Stuart Nash demoted, ‘on final warning’

Stuart Nash has been demoted to the bottom of the Cabinet rankings and is on his “final warning”, Prime Minister Chris Hipkins has confirmed this afternoon.

Hipkins said a third situation involving Nash had come to light.

In September last year, acting as the MP for Napier he contacted a senior official at MBIE to ask them to look at an immigration case of a health professional in his electorate, not using the established process.

“This latest instance though does demonstrate a pattern of behaviour which does not reach the standard that I expect from Ministers.”

Nash would move to the bottom of the Cabinet rankings, at number 20, Hipkins said.

“His actions reflect poor judgement but the specifics of each instance do not warrant dismissal from his ministerial post altogether,” Hipkins said.

“It’s clear from his pattern of behaviour that Stuart is not acting to achieve personal gain from his actions. The cases in questions represent his desire to get things done in his portfolios and on behalf of his communities.

“Stuart does on occasion speak in a more colloquial manner that reflects the sentiments of many people in the community but he does need to take greater care to ensure that what he says and how he says it uphold the standards of a Cabinet minister.”

Nash resigned from his police role on Wednesday after that morning revealing he had spoken to the Police Commissioner two years prior about a court case, and criticised the judge’s decision.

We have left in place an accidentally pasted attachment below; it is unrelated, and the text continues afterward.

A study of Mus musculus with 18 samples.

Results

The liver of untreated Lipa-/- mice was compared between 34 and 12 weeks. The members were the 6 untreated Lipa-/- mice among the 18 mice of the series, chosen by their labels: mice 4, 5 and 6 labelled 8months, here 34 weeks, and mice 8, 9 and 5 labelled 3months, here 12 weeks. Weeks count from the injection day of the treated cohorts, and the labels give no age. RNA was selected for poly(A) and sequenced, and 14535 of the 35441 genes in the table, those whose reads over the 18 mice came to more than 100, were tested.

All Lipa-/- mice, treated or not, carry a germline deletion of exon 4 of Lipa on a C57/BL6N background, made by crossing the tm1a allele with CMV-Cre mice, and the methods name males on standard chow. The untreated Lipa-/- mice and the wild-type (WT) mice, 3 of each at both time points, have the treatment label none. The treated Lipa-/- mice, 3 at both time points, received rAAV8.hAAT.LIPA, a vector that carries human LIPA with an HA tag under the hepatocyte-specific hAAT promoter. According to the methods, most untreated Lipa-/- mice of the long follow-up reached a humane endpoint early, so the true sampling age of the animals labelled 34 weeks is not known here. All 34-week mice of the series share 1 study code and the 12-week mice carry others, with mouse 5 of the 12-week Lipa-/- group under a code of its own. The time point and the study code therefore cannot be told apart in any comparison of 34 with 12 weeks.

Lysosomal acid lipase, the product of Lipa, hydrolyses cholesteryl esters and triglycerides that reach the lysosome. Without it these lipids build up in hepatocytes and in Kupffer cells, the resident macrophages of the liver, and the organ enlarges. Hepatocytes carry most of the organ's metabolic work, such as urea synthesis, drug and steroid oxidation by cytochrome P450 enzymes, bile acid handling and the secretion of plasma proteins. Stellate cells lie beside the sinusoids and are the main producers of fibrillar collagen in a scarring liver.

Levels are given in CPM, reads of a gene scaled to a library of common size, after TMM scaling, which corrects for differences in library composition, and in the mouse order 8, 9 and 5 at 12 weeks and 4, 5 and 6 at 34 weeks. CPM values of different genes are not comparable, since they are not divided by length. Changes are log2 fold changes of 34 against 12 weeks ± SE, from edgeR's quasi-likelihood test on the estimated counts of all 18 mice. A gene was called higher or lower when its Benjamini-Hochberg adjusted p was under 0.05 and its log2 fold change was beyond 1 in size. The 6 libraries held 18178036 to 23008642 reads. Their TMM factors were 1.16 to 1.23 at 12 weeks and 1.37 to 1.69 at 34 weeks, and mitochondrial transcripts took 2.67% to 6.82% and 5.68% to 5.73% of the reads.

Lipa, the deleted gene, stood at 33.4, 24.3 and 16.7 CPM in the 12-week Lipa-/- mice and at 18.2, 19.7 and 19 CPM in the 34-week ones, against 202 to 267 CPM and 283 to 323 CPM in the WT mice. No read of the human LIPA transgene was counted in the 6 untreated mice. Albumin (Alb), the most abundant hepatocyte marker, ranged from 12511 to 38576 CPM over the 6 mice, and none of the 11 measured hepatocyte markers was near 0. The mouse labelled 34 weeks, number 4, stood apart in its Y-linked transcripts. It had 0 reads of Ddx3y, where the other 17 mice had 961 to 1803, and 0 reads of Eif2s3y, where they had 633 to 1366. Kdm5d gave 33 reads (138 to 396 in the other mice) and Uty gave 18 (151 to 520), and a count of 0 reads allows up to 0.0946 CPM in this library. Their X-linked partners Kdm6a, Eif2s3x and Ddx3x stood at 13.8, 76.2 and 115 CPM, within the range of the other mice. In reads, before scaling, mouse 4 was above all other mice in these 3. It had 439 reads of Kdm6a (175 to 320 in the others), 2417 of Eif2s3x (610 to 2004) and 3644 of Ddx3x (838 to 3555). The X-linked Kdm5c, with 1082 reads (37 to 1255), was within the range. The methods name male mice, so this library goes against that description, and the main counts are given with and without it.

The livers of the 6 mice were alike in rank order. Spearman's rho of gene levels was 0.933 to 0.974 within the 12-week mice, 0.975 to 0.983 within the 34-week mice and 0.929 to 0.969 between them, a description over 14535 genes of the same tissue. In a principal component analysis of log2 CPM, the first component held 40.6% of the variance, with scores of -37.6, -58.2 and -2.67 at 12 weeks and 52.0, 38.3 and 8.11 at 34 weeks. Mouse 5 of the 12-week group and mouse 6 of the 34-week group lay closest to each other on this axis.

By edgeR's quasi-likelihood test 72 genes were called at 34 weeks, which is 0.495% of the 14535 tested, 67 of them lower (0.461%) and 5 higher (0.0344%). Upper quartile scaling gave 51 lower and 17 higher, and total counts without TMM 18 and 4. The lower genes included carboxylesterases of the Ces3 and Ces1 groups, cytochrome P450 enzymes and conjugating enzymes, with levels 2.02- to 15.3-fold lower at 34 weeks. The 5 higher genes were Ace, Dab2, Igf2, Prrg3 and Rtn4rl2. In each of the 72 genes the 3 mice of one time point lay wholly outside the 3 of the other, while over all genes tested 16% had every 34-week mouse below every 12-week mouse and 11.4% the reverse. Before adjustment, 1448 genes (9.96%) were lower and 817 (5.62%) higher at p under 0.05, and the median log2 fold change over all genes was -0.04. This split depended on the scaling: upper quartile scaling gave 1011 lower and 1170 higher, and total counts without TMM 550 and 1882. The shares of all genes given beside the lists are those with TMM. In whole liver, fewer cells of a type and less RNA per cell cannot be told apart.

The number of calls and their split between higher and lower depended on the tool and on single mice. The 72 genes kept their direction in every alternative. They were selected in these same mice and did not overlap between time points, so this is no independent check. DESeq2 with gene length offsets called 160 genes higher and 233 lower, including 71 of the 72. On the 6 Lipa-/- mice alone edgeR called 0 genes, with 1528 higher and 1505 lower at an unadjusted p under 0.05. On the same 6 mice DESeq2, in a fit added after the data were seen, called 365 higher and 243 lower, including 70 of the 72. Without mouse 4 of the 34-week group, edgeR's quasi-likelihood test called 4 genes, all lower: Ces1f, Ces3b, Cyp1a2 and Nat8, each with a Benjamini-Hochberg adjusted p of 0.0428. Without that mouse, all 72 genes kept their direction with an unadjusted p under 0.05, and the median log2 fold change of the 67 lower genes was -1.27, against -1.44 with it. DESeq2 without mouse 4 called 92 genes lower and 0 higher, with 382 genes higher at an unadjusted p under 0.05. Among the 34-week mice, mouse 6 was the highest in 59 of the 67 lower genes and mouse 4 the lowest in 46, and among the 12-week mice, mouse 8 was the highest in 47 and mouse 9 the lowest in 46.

The move had breached the Cabinet Manual which requires MPs to avoid influencing – or perceptions of trying to influence – police prosecutorial decisions, or commenting on individual court judgments.

He initially refused to back down on his comments about the judicial decision and said the conversation with the commissioner was just him “chewing the fat” with a “mate”, but by the time Parliament began sitting at 2pm, Prime Minister Chris Hipkins announced Nash had resigned from the portfolio.

Hipkins said at the time that was proportional punishment, and Nash would be holding on to his other roles: Oceans and Fisheries, Forestry, and Economic Development.

The next day Nash was showing contrition – admitting he had “stuffed up” – but that evening more news came to light of a previous event in which he had been warned against commenting on court cases.

Hipkins had earlier said he had confidence in Nash to perform his other roles, and he had been assured the mistake would not be made again.